Basseterre, St. Kitts, April 11, 2019 (SKNIS): St. Kitts and Nevis’ High Commission to the United Kingdom (UK), His Excellency Dr. Kevin Isaac, has said that the “battle hasn’t been won” with the Windrush Generation scandal in the United Kingdom and that the UK government “is seeking to whitewash the Windrush situation and we’re going to have injustices continue into the near future.”
The UK High Commissioner’s comments were made during Diplomatic Week 2019 in St. Kitts and Nevis, which runs from April 7-12 under the theme “Securing a Resilient Future through Strategic Diplomacy and Effective Dialogue.”
Speaking at a press conference with the diplomatic and consular corps accredited to St. Kitts and Nevis at the St. Kitts Marriott Resort on April 8, Dr. Isaac said that the UK Home Office is putting the Windrush Generation between a rock and a hard place all over again.
“Last week the Home Office announced the launch of the compensation scheme that was announced last year. The jury is still out and we’re planning to put together a committee to look at the compensation scheme because a brief review shows that the Government essentially puts the onus again on these individuals to prove that they are entitled to compensation,” he said.
“In the past, after you had the establishment of the hostile environment, people were forced to prove that they had the legitimate right to be there, many of them detained, some had lost their benefits, were deported, some lost their livelihoods,” said His Excellency Isaac, while adding that “ some people have genuine cases of loss of earnings; people who were supposed to go to university couldn’t go to university because they were told they had to pay international fees—now that it’s proven they had a right to be there, the Home Office now puts the onus on them to prove how much earnings they would have lost and how could they prove that they would have lost earnings.”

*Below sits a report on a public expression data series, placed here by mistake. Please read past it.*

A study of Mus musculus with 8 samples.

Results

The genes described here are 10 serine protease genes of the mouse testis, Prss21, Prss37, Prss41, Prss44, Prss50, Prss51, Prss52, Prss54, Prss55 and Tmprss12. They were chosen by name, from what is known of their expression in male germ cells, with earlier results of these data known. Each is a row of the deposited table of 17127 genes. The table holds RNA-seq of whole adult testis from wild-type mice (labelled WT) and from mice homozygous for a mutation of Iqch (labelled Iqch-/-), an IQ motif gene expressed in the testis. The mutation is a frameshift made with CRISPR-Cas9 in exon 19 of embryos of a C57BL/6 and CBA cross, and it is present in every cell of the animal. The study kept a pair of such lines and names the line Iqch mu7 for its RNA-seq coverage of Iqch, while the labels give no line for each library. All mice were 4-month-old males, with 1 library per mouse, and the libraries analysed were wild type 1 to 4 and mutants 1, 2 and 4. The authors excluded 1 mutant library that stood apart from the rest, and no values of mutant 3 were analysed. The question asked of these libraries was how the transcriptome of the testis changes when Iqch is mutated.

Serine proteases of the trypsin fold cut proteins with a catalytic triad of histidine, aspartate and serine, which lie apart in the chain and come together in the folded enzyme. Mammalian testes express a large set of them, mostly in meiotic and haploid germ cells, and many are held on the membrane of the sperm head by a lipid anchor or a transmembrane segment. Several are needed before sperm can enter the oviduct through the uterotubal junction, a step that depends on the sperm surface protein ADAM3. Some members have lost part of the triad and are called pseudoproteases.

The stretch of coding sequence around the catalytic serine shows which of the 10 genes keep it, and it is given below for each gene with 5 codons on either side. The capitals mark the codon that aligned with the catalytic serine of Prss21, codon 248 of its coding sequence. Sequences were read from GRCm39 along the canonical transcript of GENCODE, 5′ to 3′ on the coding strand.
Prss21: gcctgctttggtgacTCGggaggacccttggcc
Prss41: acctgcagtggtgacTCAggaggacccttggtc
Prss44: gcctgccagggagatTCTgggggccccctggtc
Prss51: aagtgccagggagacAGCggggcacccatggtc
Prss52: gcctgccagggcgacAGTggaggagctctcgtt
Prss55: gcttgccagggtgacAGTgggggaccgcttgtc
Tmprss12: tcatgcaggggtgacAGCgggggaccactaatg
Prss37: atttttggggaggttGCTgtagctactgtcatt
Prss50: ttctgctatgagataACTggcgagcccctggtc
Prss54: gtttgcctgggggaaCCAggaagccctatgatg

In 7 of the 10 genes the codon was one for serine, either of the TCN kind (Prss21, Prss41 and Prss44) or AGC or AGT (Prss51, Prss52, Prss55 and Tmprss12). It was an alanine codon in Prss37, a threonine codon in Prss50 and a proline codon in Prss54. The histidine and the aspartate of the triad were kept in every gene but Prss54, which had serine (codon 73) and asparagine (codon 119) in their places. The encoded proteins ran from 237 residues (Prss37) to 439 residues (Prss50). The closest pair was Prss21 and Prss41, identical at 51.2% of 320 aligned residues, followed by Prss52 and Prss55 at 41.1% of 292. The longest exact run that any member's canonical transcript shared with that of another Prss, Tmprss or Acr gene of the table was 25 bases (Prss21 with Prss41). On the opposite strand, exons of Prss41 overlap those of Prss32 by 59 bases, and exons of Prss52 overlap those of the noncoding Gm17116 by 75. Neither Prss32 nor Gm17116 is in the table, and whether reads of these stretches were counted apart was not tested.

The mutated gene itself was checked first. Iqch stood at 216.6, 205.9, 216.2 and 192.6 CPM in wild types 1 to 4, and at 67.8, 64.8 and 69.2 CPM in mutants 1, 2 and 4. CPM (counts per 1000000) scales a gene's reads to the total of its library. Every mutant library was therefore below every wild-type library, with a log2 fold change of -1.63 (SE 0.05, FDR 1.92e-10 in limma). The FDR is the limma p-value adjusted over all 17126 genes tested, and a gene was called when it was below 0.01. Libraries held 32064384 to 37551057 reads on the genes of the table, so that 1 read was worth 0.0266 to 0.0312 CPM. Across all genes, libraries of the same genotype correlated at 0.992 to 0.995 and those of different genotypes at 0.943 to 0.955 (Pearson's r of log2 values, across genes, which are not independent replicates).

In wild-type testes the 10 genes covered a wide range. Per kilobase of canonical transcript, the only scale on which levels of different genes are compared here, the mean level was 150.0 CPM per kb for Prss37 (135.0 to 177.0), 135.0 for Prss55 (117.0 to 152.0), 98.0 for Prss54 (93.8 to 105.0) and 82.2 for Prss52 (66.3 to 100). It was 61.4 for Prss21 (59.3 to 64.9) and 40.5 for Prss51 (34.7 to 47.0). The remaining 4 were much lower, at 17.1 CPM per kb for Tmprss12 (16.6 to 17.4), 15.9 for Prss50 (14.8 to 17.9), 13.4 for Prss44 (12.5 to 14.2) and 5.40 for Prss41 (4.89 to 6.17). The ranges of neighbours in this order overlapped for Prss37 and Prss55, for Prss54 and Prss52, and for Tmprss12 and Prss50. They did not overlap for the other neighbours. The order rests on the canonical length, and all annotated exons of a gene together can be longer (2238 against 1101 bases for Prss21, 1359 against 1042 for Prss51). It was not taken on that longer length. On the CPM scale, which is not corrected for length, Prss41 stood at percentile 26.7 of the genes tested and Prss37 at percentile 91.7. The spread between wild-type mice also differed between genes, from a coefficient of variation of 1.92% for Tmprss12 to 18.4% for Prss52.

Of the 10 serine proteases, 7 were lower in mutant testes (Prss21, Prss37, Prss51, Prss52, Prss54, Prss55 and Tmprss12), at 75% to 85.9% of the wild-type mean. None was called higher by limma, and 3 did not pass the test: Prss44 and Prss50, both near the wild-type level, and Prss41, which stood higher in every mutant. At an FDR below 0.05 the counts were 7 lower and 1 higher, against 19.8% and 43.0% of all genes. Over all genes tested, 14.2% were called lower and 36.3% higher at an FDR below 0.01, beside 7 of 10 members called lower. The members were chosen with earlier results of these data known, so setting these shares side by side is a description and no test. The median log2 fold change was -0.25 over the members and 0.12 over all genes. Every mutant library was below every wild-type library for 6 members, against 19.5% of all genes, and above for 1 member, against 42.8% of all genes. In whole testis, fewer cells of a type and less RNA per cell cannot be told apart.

High Commissioner Isaac said that people who had lost their homes had to again prove when they had lost their homes. “So, it’s a ticklish situation,” he said.
However, he said there are a number of Rights Groups in the UK that are looking at the scheme and they themselves have also expressed concern. He also said that there are some Opposition MP’s and some Labour MP’s, who have also expressed concerns.
Caribbean leaders who gathered in the British capital, London, for the 2018 Commonwealth Heads of Government Meeting (CHOGM) from 16-20th April, were assured by British Prime Minister the Right Honourable Theresa May that people who arrived in the United Kingdom after World War Two from Caribbean countries at the invitation of the British Government would not face deportation.
In a commitment made to the Windrush generation as a first step to establish a compensation scheme for those and their families who have faced difficulty in establishing their status under the Immigration System, and any other interested organizations and individuals, Prime Minister of the United Kingdom (UK), The Right Honourable Theresa May, along with her Home Secretary, Sajid Javid, launched a Call for Evidence, which was issued on 10th May 2018. The call for evidence process ran until 8th June 2018.
“As well as welcoming written comments during that time, we will be reaching out to community groups and those who represent affected people. We want to get the best possible understanding of what has happened. This is the first step in making sure that the Government provides redress for your financial losses, as part of making sure we do whatever it takes to put this right. The Home Office is planning to introduce a compensation scheme for those of the Windrush generation who have faced difficulties in establishing their status under the immigration system,” a communique from the UK Home office stated.
The Windrush generation generally refers to the thousands of people who arrived in the UK lawfully from Commonwealth countries before 1st January 1973. They are known as the Windrush generation after the ship, the MV Empire Windrush, which brought workers from the West Indies to Britain in 1948.